GCSRW

Who are the elected board members to United Methodist general agencies?

By Lindsey Graham and Craig This

Six of 10 people who were delegates or reserve delegates to the 2008 General Conference were also named to the governing boards of United Methodist churchwide agencies—including the Connectional Table, which is not an agency per se, but which has oversight functions related to all other agencies (see Chart 1).

The percentage of General Conference delegates/ reserves who are also now agency governors ranges from 30 percent of members of the General Commission on Religion and Race (GCORR) to 66 percent of members on the General Board of Global Ministries (see Chart 2).

Do these numbers indicate that decision-making power in the denomination is in the hands of a toosmall and too-restrictive group?


Four program boards have highest percentages

On three of the four general boards—the General Board of Global Ministries (GBGM), General Board of Higher Education and Ministry (GBHEM) and General Board of Discipleship (GBOD)—more than half of their governing board members were also 2008 General Conference delegates or reserves. Historically, lay and clergy seeking agency membership have requested places on these three boards because they address missions, discipleship and leadership.

These focuses were of particular emphasis for delegates of the 2008 General Conference, which affirmed four areas of focus for the church’s work in the coming years: leadership development, ministry with the poor, global health and “creating new places for new people.”

Because of the Connectional Table’s oversight function, over half of its members has served at General Conference. It may be argued that having delegates/reserves on the Connectional Table is beneficial because these members know the spirit of the actions taken by General Conference and bring that understanding to their role.)


Commissions have lowest percentage of delegates

The lowest percentage of delegates are board members of commissions. The General Commission on Christian Unity and Interreligious Concerns (GCCUIC), half of whose members has served at General Conference compared to the two other mission-specific commissions, the General Commission on Religion and Race (GCORR) at 30 percent, and the General Commission on the Status and Role of Women (GCSRW), at 41 percent.

Given the emphasis on the global nature of the church, the growing membership and our work with Methodist-related entities beyond the United States, a greater emphasis can be found on ecumenical and interreligious concerns.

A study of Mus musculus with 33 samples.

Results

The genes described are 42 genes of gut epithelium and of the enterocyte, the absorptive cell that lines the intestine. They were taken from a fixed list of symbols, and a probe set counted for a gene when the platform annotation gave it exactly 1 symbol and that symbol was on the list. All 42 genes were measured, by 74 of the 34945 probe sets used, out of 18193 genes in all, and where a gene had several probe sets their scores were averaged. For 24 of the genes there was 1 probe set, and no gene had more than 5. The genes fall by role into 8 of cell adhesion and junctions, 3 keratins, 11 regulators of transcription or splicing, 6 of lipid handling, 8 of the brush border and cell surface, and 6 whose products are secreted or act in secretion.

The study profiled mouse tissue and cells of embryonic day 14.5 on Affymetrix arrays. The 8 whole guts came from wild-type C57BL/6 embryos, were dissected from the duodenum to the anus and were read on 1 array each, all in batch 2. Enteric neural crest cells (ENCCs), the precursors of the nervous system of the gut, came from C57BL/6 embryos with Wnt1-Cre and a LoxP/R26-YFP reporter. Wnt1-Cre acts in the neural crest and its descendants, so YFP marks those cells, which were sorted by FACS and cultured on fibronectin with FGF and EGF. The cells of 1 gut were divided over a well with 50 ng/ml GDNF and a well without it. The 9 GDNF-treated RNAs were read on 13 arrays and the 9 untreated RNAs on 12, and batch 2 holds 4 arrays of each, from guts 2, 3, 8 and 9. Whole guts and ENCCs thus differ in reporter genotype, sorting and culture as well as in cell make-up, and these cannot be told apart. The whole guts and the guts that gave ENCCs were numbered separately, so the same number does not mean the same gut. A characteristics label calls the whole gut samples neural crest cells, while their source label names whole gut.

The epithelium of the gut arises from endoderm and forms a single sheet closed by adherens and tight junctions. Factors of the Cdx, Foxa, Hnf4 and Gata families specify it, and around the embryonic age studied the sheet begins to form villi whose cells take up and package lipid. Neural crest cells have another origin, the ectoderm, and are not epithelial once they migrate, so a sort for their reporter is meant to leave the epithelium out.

Also, the mission-specific nature of GCORR and GCSRW tends to attract a more focused, specialized group of individuals to do its work. However, there may also be a tendency to stereotype when it comes to assigning governing members to these two commissions. Specifically, women and people of color may be encouraged to choose membership on these two agencies, even though the voices and perspectives of men and white people are also needed to help the church successfully address and counter institutional sexism and racism.

GCSRW especially attracts voting members who have never served on another churchwide agency, while the larger boards tend to have veteran members from other agency governing boards. In many ways, GCSRW helps train new persons on how to serve as effective voting members.


Do General Conference delegates bring continuity or complacency?

General Conference delegates serving on general boards and agencies can play an important role in the continuity of the work of the general boards and agencies in receiving mandates from General Conference and from quadrennium to quadrennium. Delegates and reserve delegates participate in and listen to the debate and the conversations around the issues being voted on at General Conference. When these persons are then assigned to churchwide agencies, they may bring that collective history and knowledge.

Additionally, the greater the percentage of General Conference delegates serving on an agency, the less drastic the learning curve for continuing the work of these boards and commissions. Commissions such as GCORR and GCSRW tend to spend more time on educating and training their members because they have a greater percentage of newto-general-church leaders. To ensure that these commissions are able to implement their missions to the fullest extent, perhaps the denomination should focus on bringing a balance of new and experienced voting members to each board and agency, including the commissions.


Lindsey Graham is website coordinator for GCSRW.
Craig This is data analyst in the Department of Institutional Research at Wright State University in Ohio.

In the next issue of The Flyer (Oct.-Dec. 2009), we will continue this discussion of General Conference delegates. We will also highlight issues related to jurisdictional pools.